A string of recent corporate deals show interest in taking the European gas market in a new direction — literally.
Natural gas has traditionally flowed westward across Europe, from Russia in the east to consumers in the west. There has also been a flow southward, from gas producers in the North Sea and Netherlands across Switzerland to Italy.
But Italian gas network operator Snam Rete Gas and its Belgian counterpart Fluxys aim to build up the capacity for a new pattern of flows, from the south of Europe to the north.
Last August, the two companies signed a memorandum of understanding to develop and market reverse flow capacities from south to north between Italy and the UK. The companies completed the joint acquisition of Italian producer Eni’s 16.41% stake in the UK-Belgium Interconnector pipeline the same day.
Fluxys G, parent of Fluxys, already in September 2011 had acquired Eni’s interests in the German TENP pipeline and the Swiss Transitgas pipeline that flow gas to Italy.
The companies aim to open up the potential for a new pattern of northward flows from Italy, boosting Europe’s security of supply and competition.
Blog entry continues below…
|Request a free trial of: International Gas Report|
|International Gas Report is a biweekly report that intelligently analyzes what is happening in the natural gas industry, improving your vision and sharpening your competitive edge. Through its unrivalled network of global correspondents, it covers the whole gas chain, from the well-head to the burner tip, in Asia, Europe, the Middle East, Africa and the Americas, including gas transport, regulation and the ever-present problems posed by shifting geopolitical concerns.|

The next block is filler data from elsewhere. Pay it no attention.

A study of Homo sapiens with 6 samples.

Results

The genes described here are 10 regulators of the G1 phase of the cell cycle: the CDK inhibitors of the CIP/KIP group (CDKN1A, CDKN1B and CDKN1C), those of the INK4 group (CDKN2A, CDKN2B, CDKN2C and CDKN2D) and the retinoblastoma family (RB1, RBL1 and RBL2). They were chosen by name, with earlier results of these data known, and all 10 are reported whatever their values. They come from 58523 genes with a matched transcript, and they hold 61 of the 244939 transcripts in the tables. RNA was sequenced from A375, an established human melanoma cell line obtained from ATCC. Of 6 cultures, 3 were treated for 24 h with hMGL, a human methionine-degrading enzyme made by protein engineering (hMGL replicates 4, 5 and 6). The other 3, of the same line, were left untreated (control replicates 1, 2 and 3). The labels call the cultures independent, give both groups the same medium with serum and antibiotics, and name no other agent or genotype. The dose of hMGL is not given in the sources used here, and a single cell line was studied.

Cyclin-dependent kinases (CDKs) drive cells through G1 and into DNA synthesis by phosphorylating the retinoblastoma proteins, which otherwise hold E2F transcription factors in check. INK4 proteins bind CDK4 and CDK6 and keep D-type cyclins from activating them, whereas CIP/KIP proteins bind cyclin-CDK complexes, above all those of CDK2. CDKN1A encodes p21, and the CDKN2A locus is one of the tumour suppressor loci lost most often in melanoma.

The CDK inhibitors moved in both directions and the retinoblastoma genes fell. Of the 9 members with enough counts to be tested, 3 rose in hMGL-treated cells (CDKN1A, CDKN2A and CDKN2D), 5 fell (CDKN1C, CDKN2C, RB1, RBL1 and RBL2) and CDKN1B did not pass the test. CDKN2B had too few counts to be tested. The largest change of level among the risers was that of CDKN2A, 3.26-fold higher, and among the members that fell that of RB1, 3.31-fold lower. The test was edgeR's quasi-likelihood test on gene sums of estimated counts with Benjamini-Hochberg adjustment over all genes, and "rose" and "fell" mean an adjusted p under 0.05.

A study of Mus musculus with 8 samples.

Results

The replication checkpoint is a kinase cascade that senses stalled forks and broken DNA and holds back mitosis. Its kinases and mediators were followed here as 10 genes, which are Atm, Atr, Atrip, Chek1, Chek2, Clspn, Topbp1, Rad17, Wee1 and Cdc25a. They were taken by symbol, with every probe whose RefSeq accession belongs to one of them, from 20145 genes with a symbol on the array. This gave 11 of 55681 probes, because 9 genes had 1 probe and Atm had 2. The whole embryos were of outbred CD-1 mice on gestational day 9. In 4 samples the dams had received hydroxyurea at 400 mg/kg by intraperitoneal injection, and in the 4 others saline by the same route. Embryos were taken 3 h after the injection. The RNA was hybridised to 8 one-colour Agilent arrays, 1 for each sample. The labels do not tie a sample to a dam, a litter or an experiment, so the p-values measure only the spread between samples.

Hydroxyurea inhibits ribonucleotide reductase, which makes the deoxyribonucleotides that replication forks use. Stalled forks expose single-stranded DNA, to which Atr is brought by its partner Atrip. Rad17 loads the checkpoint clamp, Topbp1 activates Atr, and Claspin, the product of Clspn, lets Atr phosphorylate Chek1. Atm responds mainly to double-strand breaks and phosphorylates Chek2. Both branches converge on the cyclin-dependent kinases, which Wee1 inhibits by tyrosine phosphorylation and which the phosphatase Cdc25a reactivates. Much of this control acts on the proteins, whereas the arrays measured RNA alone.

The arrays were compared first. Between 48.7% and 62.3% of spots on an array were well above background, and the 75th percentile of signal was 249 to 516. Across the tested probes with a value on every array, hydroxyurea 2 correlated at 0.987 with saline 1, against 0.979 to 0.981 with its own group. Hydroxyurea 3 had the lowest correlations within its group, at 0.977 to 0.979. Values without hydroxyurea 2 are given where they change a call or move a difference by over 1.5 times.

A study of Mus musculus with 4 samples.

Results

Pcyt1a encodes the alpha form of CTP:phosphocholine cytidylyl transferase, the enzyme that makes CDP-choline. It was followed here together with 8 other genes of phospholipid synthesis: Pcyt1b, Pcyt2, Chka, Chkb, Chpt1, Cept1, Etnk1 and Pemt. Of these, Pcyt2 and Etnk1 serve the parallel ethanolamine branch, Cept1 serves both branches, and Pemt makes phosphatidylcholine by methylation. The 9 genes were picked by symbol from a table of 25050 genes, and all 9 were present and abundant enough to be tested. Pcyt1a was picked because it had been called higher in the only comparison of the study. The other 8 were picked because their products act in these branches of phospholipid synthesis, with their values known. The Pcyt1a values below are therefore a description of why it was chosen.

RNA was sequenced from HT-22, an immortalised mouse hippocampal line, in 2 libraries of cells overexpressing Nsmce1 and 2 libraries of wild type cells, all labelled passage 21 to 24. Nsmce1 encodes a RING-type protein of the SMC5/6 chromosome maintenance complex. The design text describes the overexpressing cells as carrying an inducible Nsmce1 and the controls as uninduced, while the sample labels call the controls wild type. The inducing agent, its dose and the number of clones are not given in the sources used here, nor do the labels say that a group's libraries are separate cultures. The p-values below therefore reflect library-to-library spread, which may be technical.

In late December, meanwhile, Fluxys lined up deals to take a 32% share in the Medgaz pipeline that carries Algerian gas to Spain, after agreeing to purchases from Spanish power companies Endesa and Iberdrola.
And Total announced last week that it was in exclusive talks to sell its southwest France gas network TIGF for Eur2.4 billion to a consortium including Snam, French generator EDF and the Government of Singapore Investment Corporation.
The TIGF network manages around 5,000 km of pipeline carrying 13% of the gas transported in France and operates 22% of the country’s gas storage space.
These deals suggested potential for further cooperation in a second northwards route, from Spain to France.
Last week, Spanish oil company Cepsa and Algerian producer Sonatrach blocked the Medgaz sales to Fluxys, exercising their pre-emption rights to increase their own holdings in the pipeline.
However, with Spain well supplied with LNG regasification capacity, as well as its pipeline links to Africa, interest in this northward route is also likely to continue.